KWS

Soil Tests Suggest Cyst Nematode Levels Are Increasing

June 2012

Researchers report increasing levels of beet cyst nematodes (BCN) in soils tested last year and are starting to pick up clear differences in levels of tolerance to the pest in recommended varieties.

According to Broom’s Barn, crop protection leader, Mark Stevens, the pest which can cause 30-40% yield loss through direct damage to the root could be being favoured by a larger area of oilseed rape in the rotation which is also a host of BCN.

His advice is for growers to be increasingly vigilant during the summer months and not to confuse symptoms of rhizomania with those of the nematode.† “Seen from June onwards, beet cyst nematode damage to the roots leads to wilting of crops similar to that seen in rhizomania.† The key visual difference is the appearance of lemon shaped cysts on the lateral roots,” he said.

Last year, Broom’s Barn undertook joint research with British Sugar and NIAB TAG to undertake BBRO funded work into the ability of tolerant varieties to resist BCN.

Taking soils with different known levels of the pest, Broom’s Barn grew varieties known to offer some level of tolerance to the pest side by side in one tonne boxes to check their ability to resist attack and to minimise build up of nematode populations in soils.

These included commercially available varieties Annouschka KWS and Sentinel and seven other RL entries compared alongside susceptible variety Bullfinch.

Dr Stevens reported that first year work showed that under high levels of the pest - >88 eggs/g of soil - KWS Annouschka had a 13% loss of root yield, compared to Sentinel at 25% which was just 4% ahead of the susceptible variety Bullfinch.†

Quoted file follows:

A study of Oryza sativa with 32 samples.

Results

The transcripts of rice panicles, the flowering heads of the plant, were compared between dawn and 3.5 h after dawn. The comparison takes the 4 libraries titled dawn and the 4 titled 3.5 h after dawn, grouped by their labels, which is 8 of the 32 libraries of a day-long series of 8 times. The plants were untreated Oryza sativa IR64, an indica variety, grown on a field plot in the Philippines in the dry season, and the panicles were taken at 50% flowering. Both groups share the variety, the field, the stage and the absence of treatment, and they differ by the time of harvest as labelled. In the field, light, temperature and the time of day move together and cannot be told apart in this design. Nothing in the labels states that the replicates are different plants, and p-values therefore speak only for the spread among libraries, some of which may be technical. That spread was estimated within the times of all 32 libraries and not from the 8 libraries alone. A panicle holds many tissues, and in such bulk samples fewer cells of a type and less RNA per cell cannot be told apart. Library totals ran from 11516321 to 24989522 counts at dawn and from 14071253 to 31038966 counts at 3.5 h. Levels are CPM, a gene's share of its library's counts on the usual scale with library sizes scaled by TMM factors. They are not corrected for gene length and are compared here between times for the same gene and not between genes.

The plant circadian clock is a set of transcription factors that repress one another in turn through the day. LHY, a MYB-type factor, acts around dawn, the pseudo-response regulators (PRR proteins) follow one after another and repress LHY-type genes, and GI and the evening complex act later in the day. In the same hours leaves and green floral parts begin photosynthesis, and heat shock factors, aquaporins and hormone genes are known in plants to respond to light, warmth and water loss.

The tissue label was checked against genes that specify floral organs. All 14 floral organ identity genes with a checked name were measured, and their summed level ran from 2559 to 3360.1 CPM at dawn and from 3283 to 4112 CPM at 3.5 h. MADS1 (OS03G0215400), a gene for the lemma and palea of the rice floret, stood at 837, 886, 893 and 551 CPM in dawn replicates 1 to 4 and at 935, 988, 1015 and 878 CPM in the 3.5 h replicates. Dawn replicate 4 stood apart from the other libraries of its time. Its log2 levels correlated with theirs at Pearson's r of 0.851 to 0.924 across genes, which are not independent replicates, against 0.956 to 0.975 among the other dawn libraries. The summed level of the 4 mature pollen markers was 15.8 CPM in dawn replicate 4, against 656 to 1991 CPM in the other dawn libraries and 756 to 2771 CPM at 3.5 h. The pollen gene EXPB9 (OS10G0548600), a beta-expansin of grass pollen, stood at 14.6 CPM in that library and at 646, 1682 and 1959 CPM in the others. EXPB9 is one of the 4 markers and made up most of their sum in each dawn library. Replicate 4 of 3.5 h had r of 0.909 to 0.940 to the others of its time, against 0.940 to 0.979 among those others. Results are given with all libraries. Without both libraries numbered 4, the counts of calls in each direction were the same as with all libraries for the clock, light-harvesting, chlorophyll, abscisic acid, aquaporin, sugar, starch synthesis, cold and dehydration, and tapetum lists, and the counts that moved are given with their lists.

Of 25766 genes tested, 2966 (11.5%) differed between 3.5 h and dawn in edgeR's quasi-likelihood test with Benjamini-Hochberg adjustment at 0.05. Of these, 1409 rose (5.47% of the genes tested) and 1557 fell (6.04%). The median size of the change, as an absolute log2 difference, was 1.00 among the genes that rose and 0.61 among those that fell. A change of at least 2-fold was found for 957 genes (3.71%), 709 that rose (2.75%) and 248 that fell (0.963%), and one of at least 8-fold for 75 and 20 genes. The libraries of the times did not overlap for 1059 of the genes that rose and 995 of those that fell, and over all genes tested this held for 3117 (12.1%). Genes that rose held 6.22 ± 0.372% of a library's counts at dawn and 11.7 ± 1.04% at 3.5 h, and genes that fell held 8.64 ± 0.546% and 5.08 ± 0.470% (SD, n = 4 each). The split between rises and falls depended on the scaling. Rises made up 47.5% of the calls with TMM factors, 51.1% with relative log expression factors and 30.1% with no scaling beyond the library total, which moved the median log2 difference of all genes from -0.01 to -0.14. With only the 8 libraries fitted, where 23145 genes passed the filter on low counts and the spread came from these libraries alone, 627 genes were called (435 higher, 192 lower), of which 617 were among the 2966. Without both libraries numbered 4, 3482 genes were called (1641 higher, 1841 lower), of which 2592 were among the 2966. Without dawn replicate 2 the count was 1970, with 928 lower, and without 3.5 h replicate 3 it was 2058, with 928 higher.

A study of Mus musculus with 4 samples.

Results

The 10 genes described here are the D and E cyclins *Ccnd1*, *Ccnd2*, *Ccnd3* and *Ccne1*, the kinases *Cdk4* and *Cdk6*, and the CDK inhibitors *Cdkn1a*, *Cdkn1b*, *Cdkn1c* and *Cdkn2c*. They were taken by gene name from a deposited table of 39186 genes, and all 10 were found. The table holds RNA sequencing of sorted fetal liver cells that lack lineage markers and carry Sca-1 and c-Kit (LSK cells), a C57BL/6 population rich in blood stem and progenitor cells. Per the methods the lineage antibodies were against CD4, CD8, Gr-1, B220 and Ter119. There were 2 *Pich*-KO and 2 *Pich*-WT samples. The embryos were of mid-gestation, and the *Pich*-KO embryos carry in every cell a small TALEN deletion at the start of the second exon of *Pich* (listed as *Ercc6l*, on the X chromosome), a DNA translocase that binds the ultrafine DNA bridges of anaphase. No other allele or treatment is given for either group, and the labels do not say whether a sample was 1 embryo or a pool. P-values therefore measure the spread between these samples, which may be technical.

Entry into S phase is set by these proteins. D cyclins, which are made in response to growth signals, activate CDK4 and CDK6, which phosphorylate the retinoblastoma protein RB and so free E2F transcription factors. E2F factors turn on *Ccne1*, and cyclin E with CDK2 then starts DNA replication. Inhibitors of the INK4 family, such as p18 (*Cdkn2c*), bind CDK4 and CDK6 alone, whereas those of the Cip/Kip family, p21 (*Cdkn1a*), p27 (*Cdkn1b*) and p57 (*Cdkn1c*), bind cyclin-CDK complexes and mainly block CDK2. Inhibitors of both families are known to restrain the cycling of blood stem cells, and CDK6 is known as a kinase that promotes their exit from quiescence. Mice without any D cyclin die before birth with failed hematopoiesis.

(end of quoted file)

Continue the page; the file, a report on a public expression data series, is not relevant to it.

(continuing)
In terms of overall root yield under high levels of infestation, KWS Annouschka was 9t/ha ahead of Bullfinch, whereas Sentinel was 14t/ha behind the KWS variety.

Perhaps more significantly in the long term, Annouschka KWS appeared better able at reducing BCN population build up in infected soils. ††Here, the research team measured the numbers of BCN eggs in the soil before and after the tolerant varieties had been grown – to give a final population: initial population index or pf/pi.

In essence, growing a non tolerant variety such as Bullfinch serves as a host for the pest and population levels in the soil rise – in this trial the pf/pi indicated they were 6.6 times higher after harvest.† In comparison, Annouschka KWS had a pf/pi of 1.3, showing a slight population increase, whereas Sentinel’s score of 5.9 suggested that the variety is less effective at reducing pest levels in the longer term.

Dr Stevens pointed out that it was a different story under lower levels of infestation.† Here, both KWS Annouschka and Sentinel produced similar yield responses to the pest, indicating that both can cope with low levels of the pest.

“Those who think they have a problem should have soils tested – these analyses can be turned round quickly – and if they test positive for BCN they should discuss their options with their British Sugar fieldsman,” he advises.

Dutch BCN Risks

Bram Hanse of the Dutch Institute of Sugar Research (IRS) painted a similar picture of rising BCN levels in Holland.† From a study of groups of farmers producing either high or moderate yields, he said that management levels were the key to differences in crop performance.

Of these, poor pest and disease control the most significant contributing factor to yield differences between the best and the worst growers and appeared more important than soil conditions or the influence of weeds or sowing date.

He pointed out that 70% of all beet fields surveyed had beet cyst nematode infestations, but 55% of these growers didn’t realise they had a problem and only 2% of the farmers surveyed were doing anything about it.

Since the survey – carried out in 2006-2008 – more growers had adopted BCN tolerant varieties in order to reduce yield loss in their crops, recognising that the right varieties were important to improving crop performance.